Electoral Bonds: Supreme Court's Verdict


What are Electoral Bonds?

Electoral bonds are a form of anonymous donations to political parties that were introduced by the Finance Bill 2017 and notified on January 29, 2018. The scheme allows any individual or entity to purchase electoral bonds from SBI in denominations of Rs 1,000, Rs 10,000, Rs 1 lakh, Rs 10 lakh, and Rs 1 crore and donate them to any registered political party. The name of the donor is kept confidential and the bonds are valid for 15 calendar days from the date of issue. The political parties have to create a specific account which is verified by the ECI to receive the electoral bonds. Only those parties that secured not less than 1% of votes polled in the last general election to the House of the People or the Legislative Assembly of the State are eligible to receive electoral bonds.

Why are Electoral Bonds Unconstitutional?

The court has held that the scheme is unconstitutional because:

  • It violates the right to information: The scheme hides the source of funding of political parties from the public, which is a fundamental right under Article 19(1)(a). The scheme also enables black money, foreign funding, and corporate influence in politics, which harm the public interest and the sovereignty of the nation.
  • It violates the principle of equality: The scheme discriminates between different political parties based on their vote share, giving an unfair advantage to the ruling party and the major opposition parties, while excluding the smaller and regional parties. The scheme also creates a disparity between the donors and the voters, as the former can sway the policies and decisions of the political parties, while the latter are kept in the dark.
  • It violates the constitutional scheme of electoral reforms: The scheme goes against the constitutional aim of curbing corruption and criminalization of politics. The scheme is also contrary to the recommendations of various committees and commissions that have called for more transparency and disclosure in political funding. The scheme is also in conflict with the Representation of Peoples Act, 1951, that requires the political parties to disclose their contributions and expenditure.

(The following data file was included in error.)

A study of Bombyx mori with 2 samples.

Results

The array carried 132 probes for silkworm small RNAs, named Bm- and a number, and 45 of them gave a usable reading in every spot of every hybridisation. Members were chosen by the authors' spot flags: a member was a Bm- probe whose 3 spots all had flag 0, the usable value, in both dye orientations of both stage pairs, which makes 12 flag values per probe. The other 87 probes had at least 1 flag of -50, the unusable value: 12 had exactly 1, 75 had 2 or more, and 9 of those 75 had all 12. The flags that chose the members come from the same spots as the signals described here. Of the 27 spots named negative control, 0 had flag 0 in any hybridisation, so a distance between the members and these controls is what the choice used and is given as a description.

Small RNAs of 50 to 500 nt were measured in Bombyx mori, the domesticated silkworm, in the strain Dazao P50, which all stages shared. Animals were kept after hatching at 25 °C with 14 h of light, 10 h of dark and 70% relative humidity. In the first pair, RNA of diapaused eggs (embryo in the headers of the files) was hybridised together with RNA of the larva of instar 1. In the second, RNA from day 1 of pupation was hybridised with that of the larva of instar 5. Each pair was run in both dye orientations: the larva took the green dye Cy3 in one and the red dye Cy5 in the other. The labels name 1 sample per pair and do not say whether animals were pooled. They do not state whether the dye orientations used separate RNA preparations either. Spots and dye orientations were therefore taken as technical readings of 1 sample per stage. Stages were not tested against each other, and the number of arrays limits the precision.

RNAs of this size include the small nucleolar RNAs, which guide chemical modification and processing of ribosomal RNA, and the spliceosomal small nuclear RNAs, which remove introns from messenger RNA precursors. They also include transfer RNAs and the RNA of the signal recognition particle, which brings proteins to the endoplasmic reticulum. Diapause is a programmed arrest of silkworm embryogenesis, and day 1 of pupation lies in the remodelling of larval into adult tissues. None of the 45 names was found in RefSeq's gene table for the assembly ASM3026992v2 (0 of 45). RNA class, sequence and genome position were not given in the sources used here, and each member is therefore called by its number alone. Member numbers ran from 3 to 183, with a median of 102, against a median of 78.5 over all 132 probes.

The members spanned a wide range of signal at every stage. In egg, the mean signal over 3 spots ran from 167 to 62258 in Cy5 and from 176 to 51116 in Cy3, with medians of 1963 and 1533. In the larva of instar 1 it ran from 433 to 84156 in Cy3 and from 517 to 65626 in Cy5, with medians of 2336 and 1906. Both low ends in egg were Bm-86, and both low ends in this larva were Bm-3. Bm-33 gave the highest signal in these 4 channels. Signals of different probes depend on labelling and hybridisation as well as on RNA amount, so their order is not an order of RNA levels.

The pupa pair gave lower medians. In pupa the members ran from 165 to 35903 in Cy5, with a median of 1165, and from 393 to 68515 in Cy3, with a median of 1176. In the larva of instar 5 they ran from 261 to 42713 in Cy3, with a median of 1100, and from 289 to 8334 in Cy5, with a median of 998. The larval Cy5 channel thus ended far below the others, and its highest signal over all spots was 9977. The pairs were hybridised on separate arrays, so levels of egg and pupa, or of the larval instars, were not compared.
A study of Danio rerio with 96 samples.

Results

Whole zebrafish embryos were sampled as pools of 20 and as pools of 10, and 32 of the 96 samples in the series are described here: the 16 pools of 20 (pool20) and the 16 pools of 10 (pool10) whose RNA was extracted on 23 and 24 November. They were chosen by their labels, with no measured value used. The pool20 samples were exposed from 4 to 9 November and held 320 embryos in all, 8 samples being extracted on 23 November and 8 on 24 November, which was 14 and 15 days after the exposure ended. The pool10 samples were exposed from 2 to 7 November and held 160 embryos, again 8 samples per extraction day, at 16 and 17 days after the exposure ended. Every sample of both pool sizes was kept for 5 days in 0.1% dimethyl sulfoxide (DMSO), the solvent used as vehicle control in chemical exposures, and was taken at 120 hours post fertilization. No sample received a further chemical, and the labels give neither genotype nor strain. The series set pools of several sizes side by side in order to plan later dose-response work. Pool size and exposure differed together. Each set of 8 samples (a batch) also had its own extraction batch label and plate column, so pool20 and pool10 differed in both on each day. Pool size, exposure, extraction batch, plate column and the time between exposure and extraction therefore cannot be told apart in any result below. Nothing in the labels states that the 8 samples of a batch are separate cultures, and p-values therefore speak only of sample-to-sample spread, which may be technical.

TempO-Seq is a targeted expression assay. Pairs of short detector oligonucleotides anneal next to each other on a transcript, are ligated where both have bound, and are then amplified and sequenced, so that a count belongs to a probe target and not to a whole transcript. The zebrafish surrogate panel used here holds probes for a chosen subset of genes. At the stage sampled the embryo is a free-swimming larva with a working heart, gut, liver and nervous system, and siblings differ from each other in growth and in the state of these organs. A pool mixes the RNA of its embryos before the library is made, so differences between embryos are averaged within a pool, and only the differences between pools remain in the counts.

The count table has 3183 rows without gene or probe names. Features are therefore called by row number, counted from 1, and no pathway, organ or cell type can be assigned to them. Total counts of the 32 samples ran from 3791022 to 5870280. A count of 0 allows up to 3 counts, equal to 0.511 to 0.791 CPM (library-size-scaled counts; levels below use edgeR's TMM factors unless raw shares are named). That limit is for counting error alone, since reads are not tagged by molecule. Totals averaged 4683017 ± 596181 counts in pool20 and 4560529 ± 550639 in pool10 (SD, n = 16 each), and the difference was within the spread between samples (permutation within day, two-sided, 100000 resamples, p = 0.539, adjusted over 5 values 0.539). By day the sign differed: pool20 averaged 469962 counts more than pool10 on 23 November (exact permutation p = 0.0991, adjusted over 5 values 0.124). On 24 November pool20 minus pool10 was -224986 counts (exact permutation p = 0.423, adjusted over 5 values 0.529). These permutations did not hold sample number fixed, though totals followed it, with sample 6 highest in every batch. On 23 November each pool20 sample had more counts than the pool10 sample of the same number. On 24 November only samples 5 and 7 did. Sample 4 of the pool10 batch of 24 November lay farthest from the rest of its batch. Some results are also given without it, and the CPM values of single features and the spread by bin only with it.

What are the Implications of the Judgment?

The judgment has significant implications for the future of electoral politics and democracy in India. Some of the possible implications are:

  • It will enhance the transparency and accountability of political funding: The judgment will ensure that the public will have access to the information about the source and amount of funding received by the political parties through electoral bonds. This will enable the public to scrutinize and hold the political parties accountable for their performance and conduct.
  • It will reduce the influence of money and corporate power in politics: The judgment will curb the influence of money and corporate power in politics, as the donors will no longer be able to hide their identity and agenda behind the veil of anonymity. This will prevent the political parties from being influenced by the vested interests of the donors and ensure that they serve the public interest and the common good.
  • It will level the playing field for all political parties: The judgment will level the playing field for all political parties, as they will no longer be discriminated against based on their vote share or popularity. This will enable the smaller and regional parties to compete with the ruling party and the major opposition parties on an equal footing and offer a genuine choice to the voters.

The Supreme Court's judgment on electoral bonds is a historic and landmark verdict that upholds the constitutional rights and values of the citizens and the democracy. The judgment strikes down the electoral bonds scheme as unconstitutional and violative of the right to information, the principle of equality, and the constitutional scheme of electoral reforms. The judgment also directs the SBI to furnish the details of electoral bonds encashed by the political parties to the ECI, which will publish them on its website by March 31, 2024. This decision will enhance the transparency and accountability of political funding, reduce the influence of money and corporate power in politics, and level the playing field for all political parties.